Cape loses squeaker in season opener with Caesar Rodney
March 26, 2004
The Cape Henlopen High School golf team lost a close match in its season opener with the Caesar Rodney Riders on Tuesday, March 22, 174-177.
Most of the golfers seemed to have trouble adjusting to the cold weather on the front nine at Wild Quail Golf & Country Club near Camden, but with good reason. Although it was a beautifully sunny day, the wind chill took the low 40s temperature well into freezing, and the 15-20 knot breezes played havoc with several shots.
Under these conditions, it was little wonder that both team scores were relatively high.
On the other hand, two golfers didn’t seem to mind the chill.
John Purple shared medalist honors with Caesar Rodney’s Jay Whitby with a pair of 3-over 39s. The junior Viking parred the first four holes, bogeyed the next two, and split two more pars with a bogey on the 8th hole.
“I was hitting the ball pretty good with my driver,” Purple said. “I really wasn’t expecting much with all the cold and the wind. You swing easy when it’s breezy, right?”
The Vikings’ next best score was Brett Hertel’s 44. The senior was none too pleased: “I was all over the place.” His round included two up-and-downs for pars on the 2nd and 4th holes, hitting a building and chipping from behind a tree for a double on the 8th, and a flyer over the 5th green, for a bogey on the long par 5. He also made a birdie on the 6th, however, rolling in a 15-foot downhill putt.
Andrew Lee was dressed for the cold, with an ear-protecting hat that made him look like a North Dakota character in the movie “Fargo.” His 46 was the team’s third-best score, and Lee said, “The greens were a little tricky.”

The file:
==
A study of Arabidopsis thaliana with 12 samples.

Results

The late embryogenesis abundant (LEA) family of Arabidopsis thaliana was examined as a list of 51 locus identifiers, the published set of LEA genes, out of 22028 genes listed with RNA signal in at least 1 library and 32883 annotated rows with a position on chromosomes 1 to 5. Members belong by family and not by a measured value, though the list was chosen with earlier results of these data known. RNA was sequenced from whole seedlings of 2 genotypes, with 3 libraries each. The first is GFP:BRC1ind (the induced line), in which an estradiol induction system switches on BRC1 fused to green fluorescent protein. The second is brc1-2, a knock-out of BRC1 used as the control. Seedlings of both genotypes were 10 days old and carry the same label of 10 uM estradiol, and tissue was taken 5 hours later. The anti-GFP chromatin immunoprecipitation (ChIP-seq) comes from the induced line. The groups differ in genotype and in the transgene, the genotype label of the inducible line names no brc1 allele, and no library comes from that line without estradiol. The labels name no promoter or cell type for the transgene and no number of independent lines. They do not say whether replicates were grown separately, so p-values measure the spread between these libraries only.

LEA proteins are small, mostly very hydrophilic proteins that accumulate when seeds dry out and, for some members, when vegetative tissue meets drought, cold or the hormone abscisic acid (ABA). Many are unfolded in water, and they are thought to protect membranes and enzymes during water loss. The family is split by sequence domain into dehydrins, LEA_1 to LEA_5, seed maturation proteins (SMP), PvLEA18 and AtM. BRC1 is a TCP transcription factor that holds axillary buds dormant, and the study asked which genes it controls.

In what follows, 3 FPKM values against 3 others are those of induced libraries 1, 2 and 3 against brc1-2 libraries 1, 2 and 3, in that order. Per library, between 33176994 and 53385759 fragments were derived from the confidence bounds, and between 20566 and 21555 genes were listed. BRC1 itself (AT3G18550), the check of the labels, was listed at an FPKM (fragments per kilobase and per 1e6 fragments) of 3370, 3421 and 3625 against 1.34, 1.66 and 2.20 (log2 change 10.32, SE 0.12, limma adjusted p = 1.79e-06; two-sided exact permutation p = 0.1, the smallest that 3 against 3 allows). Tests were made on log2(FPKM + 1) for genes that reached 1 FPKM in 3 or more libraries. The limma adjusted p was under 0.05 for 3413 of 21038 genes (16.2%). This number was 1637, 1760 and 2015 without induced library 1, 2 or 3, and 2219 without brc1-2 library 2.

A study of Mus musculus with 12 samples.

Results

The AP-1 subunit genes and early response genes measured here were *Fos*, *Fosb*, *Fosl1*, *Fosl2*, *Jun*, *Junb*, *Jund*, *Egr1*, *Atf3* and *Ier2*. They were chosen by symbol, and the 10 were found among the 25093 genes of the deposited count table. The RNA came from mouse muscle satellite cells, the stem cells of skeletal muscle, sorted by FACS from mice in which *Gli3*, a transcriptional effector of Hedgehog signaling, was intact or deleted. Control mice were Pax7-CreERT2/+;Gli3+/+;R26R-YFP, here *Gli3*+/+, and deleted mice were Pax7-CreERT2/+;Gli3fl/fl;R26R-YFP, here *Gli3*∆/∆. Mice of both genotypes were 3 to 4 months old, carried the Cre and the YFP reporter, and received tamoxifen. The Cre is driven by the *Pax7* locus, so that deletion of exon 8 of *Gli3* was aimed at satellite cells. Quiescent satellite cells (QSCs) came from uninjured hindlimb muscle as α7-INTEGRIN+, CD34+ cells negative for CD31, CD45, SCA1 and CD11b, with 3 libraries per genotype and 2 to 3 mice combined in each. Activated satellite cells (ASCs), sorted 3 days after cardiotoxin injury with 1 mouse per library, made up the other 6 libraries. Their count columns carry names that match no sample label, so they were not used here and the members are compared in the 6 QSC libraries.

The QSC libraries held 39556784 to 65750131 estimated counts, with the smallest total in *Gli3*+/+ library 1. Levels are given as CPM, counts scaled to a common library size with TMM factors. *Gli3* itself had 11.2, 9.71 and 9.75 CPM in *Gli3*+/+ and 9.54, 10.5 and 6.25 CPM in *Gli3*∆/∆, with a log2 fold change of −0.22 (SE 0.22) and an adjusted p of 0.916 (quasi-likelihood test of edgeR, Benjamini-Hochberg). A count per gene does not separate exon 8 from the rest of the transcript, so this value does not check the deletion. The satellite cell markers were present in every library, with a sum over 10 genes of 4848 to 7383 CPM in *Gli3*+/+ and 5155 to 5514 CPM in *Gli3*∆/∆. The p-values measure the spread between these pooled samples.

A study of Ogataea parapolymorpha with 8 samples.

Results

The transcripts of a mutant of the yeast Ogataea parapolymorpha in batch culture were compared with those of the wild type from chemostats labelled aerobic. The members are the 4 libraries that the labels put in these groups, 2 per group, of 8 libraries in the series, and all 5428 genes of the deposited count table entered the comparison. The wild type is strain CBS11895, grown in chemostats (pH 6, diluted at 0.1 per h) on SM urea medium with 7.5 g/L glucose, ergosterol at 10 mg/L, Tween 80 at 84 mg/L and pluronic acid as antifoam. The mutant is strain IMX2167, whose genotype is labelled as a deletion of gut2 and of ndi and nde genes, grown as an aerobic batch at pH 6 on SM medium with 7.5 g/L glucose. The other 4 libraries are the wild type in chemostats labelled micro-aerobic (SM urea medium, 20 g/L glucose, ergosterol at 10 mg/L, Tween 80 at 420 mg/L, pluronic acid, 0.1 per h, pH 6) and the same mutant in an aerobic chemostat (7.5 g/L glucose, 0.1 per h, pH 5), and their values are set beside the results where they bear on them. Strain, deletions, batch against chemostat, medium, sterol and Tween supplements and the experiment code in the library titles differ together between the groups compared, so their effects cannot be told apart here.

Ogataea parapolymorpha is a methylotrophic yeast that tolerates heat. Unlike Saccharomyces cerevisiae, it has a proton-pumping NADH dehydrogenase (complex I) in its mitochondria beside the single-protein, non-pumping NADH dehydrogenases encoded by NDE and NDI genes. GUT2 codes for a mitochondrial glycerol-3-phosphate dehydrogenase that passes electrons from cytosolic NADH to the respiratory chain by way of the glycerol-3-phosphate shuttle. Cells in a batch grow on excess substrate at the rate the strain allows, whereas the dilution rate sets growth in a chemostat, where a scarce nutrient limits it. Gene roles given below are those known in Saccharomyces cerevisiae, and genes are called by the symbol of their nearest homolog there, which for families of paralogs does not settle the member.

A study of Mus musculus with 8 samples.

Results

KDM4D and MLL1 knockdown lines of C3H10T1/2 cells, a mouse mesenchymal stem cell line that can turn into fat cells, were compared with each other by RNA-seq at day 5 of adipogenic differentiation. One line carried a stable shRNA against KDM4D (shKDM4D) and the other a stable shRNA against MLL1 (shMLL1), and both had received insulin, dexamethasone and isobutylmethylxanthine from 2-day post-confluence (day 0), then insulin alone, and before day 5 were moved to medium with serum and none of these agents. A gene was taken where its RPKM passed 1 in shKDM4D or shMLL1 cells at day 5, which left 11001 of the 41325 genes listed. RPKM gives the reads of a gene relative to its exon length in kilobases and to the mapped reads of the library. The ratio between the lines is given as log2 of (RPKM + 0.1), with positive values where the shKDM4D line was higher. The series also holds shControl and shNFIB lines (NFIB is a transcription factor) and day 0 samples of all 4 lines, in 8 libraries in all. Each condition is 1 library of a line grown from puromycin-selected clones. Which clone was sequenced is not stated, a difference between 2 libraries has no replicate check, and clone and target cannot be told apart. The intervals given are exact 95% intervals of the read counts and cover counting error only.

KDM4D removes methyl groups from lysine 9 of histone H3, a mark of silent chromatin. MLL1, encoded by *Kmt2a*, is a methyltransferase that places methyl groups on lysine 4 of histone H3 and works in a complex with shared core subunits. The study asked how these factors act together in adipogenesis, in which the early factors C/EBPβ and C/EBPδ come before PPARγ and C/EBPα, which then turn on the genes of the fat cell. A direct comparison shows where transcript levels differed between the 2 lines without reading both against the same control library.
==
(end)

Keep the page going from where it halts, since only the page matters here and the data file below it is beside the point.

On the last hole the senior showed some great recovery skills. His approach shot landed 25 yards right of the hole, on the downslope in a large greenside bunker. Lee calmly set his feet firmly in the sand and took a lazy swing. The ball sailed half-way to the hole, rolling to a stop 12 feet directly below the pin. The tiny knot of players, parents, and coaches along the back of the green spontaneously broke into applause.
Apparently the positive feedback unnerved him. Lee just missed the par putt.
Sophomore Jason Hastings said he had a “rough day,” and his 48 was the team’s final score to count toward the total. “I started out okay. I was two over after three holes. Then I doubled 4 and 5, and parred the 6th. I took an 8 on the [par 4] seventh hole, and that really hurt me. The ball landed in a bad spot, and I should have taken an unplayable lie, but I tried to hit it anyway. I went right under it. I gave away a lot of strokes today.”
Junior Brian Davidson didn’t think much of his 50, an unusually high score for the talented golfer. “I was off, but I also let the kid from the other team rattle me, too. There wasn’t the best sportsmanship out there today.”
Senior Kurt Stephens admitted he was nervous when he started his very first varsity match. Things didn’t improve much for him thereafter, as he scored a disappointing 54. For example, his approach shot on the 9th hole landed in the bunker right of the green, but his blast out of the trap sailed over the green to a sloping hillside 20 yards to the left of the green. Stephens’ next shot landed in the left side bunker. He managed to put his next shot on the green, and he putted out.
I knew just how he felt.
Head coach Corey Groll was disappointed, especially after all the practice the team had put in during the cold days leading up to this first match.
Let’s hope the improving weather also improves the team’s prospects.